The show is no longer up at Greg Kucera Gallery, but when it was (for most of September), it included King of Israel, a plaster cast of Michelangelo's David holding an Uzi and perched on a pedestal draped with an American flag; Better You Than Me, a .45 caliber pistol painted Day-Glo orange like a toy and pointed at the viewer; and dog tags for a soldier whose name is "Texas, U.S.A." and whose blood type is "Petroleum."
They were by Seattle artist Jack Daws, whose best work pairs the cool facade of minimalism or pop with the anger of social activism. It's not an easy line to walk, and draws disapproval from both sides (too heavy-handed for formalists, too prissy for revolution). When he hits, he hits big: his black boxes embedded with illegal drugs, his commercial gumball machine full of prescription drugs gathered from the people in his life.
I've never met Daws, so I invited him to do a podcast. He said no. "If I were making some other kind of work, I would be happy to do one," he wrote in an e-mail. How about a nonpodcast, in which we only talk about why you don't want to talk? Still no—but yes to a noninterview, by phone.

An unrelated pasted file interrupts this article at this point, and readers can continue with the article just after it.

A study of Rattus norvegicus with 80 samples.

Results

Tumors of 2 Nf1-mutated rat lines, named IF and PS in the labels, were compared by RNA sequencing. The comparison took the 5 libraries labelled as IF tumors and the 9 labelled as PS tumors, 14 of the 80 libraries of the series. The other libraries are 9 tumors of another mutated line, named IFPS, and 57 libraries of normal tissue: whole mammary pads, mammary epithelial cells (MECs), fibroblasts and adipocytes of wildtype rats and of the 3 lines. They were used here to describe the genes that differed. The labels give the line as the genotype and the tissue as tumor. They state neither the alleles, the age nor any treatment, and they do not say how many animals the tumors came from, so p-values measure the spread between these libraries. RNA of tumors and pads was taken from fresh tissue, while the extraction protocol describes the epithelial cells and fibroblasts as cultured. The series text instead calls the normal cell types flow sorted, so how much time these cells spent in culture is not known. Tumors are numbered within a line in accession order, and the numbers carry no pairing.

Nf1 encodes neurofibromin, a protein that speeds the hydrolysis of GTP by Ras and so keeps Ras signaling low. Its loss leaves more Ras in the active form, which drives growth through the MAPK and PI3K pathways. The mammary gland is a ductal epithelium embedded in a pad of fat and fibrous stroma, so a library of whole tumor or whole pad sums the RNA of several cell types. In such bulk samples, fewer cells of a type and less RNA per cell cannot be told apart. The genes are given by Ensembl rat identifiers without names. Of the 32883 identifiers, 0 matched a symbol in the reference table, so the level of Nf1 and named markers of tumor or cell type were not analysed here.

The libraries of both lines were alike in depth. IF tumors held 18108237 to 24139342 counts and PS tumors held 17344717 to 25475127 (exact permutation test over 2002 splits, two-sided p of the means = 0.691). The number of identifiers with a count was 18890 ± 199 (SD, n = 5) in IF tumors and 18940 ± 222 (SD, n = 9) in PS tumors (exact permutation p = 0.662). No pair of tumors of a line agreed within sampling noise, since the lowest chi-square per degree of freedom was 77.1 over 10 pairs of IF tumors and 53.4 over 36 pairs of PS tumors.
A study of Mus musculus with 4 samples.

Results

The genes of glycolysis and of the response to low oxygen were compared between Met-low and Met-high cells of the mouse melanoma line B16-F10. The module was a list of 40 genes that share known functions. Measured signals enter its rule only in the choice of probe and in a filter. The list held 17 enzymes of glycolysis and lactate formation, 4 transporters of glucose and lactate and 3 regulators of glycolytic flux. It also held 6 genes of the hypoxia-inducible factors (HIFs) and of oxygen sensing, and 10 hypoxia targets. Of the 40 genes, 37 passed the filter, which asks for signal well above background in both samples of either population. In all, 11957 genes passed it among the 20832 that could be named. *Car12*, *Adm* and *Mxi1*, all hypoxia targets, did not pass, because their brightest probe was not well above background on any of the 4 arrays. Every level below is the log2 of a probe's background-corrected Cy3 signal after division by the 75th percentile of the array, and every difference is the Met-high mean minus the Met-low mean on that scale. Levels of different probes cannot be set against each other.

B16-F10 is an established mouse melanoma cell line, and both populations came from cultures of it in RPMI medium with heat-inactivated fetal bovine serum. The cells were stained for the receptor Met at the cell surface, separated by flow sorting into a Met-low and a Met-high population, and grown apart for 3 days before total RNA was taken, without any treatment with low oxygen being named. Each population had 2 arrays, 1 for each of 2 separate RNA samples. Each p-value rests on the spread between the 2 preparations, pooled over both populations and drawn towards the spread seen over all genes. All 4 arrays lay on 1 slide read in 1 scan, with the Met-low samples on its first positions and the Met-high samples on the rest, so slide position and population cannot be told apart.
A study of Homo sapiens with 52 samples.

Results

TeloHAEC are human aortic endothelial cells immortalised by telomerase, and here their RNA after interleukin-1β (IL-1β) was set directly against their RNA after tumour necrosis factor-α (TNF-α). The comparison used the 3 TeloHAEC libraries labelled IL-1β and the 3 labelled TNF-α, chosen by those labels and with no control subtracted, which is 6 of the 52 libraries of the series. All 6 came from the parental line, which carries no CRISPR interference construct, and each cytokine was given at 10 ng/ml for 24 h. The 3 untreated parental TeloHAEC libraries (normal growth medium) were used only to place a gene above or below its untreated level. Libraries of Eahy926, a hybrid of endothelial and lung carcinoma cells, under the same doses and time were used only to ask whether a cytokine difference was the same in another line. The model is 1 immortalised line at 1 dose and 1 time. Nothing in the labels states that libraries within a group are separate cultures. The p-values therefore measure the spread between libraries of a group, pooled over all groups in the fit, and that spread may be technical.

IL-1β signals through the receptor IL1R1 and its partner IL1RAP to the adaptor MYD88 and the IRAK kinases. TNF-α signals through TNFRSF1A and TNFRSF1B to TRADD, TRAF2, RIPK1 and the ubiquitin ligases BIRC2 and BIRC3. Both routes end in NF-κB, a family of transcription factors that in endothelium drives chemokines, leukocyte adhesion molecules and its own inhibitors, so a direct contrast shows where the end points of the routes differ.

His reasoning is stylistic, not political. Adding statements would clutter his signature gesture: economy. "The visual language operates in its own way," he says in his Kentucky twang. (He grew up in a town called Stab.) "It has this ability to convey a massive amount of information with a single image or a single object."
Daws began as a gestural painter. He loved painting, but didn't care whether anyone saw the results and would often paint over finished works before showing them. Now, he dislikes the process of turning an idea into an object, but he does want people to see them. His first idea-object was in 2000, when a pair of saw blades looked to him like the wheels of a tricycle. He attached them to one and titled it Manifest Destiny.
About the American political situation, he doesn't raise his voice. But his tone shifts and it sounds like his mouth is almost closed as he talks. This is a Kentucky version of fury. I ask him whether he sees his work as angry.
"Absolutely," he says. "I think about a lot of this stuff as being refined anger. Typically, anger gets expressed as a swirl of emotion that leaves all this wreckage behind, and I'm just trying to clean it up."
As for talking, he'll do it if it's live dialogue. "If somebody wants to buy the beer, I will talk about the work until they run out of money," he said. "It's true. Try me."
He's at firstname.lastname@example.org.